Physical custody means a parent’s right to visit and spend time with their child, to have their child physically with them, or to have their child residing with them. Physical custody can be shared between parents. Shared physical custody can be split equally, or 50/50, meaning that the child spends half the time in one household and half the time in the other. Shared physical custody can also mean that a child resides with one parent for five days a week and weekends with the other, or that the child spends the school year with one parent and the summer with the other.

There are so many possible variations of shared physical custody in DC. Consulting with an experienced DC attorney will help you come up with the time-sharing, access, or shared physical custody that is best for you and your child.

How Often is This Type of Custody Awarded?

Shared physical custody is generally presumed under DC law unless the court finds that it is not in the child’s best interest. For example, if a judge finds that a parent has committed domestic violence, that may be a reason to limit the offending parent’s physical custody rights. Shared physical custody is generally recommended because it is presumed that a child benefits from spending time with both of their parents.

Both parents have the right to spend time with their child. Depending on how much time either parent can spend with the child, both parties may want to maximize their physical access. If they are unable to come to an agreement, the court will look at how to best arrange physical custody based on the child’s best interests. You know your child better than a judge, which is why consulting with a DC attorney can help. A member of our legal team can argue for the physical custody schedule that you know is best for your child.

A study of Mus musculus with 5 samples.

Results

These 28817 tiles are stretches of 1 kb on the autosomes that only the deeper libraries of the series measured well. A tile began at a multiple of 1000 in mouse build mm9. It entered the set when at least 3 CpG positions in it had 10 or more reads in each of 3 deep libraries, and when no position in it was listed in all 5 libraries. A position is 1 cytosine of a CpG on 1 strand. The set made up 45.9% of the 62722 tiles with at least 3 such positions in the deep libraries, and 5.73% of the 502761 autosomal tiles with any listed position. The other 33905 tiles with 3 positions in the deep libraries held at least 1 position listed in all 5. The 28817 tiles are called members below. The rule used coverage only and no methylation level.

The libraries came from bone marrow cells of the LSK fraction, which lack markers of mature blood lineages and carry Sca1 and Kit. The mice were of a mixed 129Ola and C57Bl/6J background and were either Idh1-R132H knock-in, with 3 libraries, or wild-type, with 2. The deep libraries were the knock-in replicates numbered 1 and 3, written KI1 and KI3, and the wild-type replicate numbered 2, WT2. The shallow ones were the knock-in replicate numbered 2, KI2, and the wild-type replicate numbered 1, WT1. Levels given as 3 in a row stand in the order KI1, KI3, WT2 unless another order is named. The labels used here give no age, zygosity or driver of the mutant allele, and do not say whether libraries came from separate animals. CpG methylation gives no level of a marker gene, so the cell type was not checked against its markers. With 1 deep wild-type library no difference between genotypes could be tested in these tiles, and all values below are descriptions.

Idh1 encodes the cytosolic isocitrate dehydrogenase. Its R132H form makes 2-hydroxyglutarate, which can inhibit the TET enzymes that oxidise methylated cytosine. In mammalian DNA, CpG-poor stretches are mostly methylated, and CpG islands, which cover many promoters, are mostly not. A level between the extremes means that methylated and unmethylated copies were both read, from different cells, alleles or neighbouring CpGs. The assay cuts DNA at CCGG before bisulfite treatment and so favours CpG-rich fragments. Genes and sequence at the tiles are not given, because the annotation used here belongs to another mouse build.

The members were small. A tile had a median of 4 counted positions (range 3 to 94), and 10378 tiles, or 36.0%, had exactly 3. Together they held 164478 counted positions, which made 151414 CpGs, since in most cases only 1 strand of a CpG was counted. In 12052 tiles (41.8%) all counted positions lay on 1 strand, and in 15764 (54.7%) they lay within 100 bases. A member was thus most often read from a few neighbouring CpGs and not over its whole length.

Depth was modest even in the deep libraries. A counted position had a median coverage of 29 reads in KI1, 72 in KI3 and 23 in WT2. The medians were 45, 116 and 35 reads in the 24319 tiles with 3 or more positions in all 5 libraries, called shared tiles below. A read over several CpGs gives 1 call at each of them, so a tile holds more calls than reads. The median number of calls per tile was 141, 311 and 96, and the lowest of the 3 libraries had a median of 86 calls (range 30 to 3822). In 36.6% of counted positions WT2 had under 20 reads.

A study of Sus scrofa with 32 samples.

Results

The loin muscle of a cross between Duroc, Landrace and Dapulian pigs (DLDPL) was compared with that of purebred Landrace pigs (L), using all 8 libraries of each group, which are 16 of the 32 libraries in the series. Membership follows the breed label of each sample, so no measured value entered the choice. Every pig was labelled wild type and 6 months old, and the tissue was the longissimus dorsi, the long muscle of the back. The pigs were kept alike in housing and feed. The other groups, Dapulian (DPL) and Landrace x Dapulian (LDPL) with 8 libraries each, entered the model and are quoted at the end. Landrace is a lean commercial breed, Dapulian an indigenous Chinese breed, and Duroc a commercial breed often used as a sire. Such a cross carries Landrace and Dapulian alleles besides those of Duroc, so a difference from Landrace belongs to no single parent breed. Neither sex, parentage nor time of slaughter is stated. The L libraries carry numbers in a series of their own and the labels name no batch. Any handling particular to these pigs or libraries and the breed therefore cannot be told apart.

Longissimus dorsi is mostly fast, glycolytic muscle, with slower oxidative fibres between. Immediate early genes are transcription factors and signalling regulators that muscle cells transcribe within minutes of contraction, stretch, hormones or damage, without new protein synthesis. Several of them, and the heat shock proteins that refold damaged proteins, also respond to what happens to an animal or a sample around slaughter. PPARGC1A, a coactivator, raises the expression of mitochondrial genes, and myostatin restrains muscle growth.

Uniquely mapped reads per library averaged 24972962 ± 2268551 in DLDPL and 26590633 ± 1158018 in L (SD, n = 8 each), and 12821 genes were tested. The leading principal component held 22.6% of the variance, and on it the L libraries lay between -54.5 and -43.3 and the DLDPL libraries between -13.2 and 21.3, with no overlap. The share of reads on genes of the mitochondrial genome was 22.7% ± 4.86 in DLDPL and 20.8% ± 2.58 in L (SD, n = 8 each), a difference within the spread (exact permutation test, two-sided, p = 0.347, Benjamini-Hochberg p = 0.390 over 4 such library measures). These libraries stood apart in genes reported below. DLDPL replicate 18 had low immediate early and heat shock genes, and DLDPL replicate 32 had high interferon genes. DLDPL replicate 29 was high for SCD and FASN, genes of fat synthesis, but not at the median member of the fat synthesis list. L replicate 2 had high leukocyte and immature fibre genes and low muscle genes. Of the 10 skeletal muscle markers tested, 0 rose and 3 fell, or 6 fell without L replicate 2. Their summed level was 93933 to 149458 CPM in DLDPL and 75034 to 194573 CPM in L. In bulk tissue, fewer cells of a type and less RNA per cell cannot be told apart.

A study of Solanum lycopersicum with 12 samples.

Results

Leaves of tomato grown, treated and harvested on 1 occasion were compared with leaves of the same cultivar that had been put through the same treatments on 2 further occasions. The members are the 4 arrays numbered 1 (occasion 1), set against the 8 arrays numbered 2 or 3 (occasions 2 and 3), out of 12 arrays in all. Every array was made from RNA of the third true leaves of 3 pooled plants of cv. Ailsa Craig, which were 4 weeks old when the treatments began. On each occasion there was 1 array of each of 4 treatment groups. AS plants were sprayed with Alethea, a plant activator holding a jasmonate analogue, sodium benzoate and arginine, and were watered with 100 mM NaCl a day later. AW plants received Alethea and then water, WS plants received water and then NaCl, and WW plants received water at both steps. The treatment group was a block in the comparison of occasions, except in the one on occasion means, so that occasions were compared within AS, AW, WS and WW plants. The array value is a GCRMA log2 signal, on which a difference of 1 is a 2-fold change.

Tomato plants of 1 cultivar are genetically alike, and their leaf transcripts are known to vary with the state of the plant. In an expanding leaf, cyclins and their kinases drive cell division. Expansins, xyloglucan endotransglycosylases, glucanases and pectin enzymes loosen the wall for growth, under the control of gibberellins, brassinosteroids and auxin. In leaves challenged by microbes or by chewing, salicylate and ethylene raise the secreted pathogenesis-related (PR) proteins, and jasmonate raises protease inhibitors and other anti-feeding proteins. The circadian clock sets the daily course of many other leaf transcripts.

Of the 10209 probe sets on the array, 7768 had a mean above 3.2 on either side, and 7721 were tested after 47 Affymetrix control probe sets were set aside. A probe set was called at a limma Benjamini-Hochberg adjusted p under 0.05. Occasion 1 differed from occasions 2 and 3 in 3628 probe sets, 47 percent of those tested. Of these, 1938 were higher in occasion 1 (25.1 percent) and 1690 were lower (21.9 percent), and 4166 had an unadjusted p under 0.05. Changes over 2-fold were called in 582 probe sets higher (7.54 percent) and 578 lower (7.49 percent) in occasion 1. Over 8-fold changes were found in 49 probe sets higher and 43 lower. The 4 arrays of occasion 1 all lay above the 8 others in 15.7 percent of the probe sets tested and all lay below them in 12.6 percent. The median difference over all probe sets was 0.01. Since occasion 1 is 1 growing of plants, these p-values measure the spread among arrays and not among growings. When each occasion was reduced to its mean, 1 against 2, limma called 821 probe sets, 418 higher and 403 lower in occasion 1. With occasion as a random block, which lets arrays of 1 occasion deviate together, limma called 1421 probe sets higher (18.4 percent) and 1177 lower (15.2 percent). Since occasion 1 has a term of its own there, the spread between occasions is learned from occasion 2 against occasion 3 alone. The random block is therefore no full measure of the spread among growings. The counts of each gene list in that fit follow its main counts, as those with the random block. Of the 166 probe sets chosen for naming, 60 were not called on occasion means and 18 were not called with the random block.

Rights and Responsibilities of a Parent with Physical Custody

A parent with physical custody of their child may not have as many legal custody rights as the other parent. Occasionally, the line between physical and legal custody is blurred if, for example, a medical emergency arises. In that situation, the parent with physical custody must tend to that emergency and could be making legal custody decisions.

If you are sharing custody of your child, consulting with an attorney is critical to make sure the appropriate language concerning any emergencies is written into your custody agreement so that you can protect your child. Of course, the parent who has physical custody also has to attend to all of the child’s socio-emotional needs as well.

Visitation Rights

Physical custody can affect the visitation rights of the other parent. If a parent has sole physical custody, that can mean that the other parent does not have any visitation rights or access to the child. When one parent has physical custody, the other parent cannot exercise visitation. This can be troubling where, for example, a working parent has physical custody but is not physically with the child and is therefore not actually exercising rights to spend time with the child. Physical custody in DC is usually shared, and having an attorney advocate for a court order that maximizes the quality time you get to spend with your child is critical.

An Attorney Could Help You Get Physical Custody in DC

If you need help asserting your rights to physical custody of your children, or if the other parent is denying you visitation rights or access to your kids, you should consider working with a dedicated lawyer. Navigating this complex legal process can be difficult without guidance from an attorney, so you should call our firm today for help with obtaining physical custody in DC.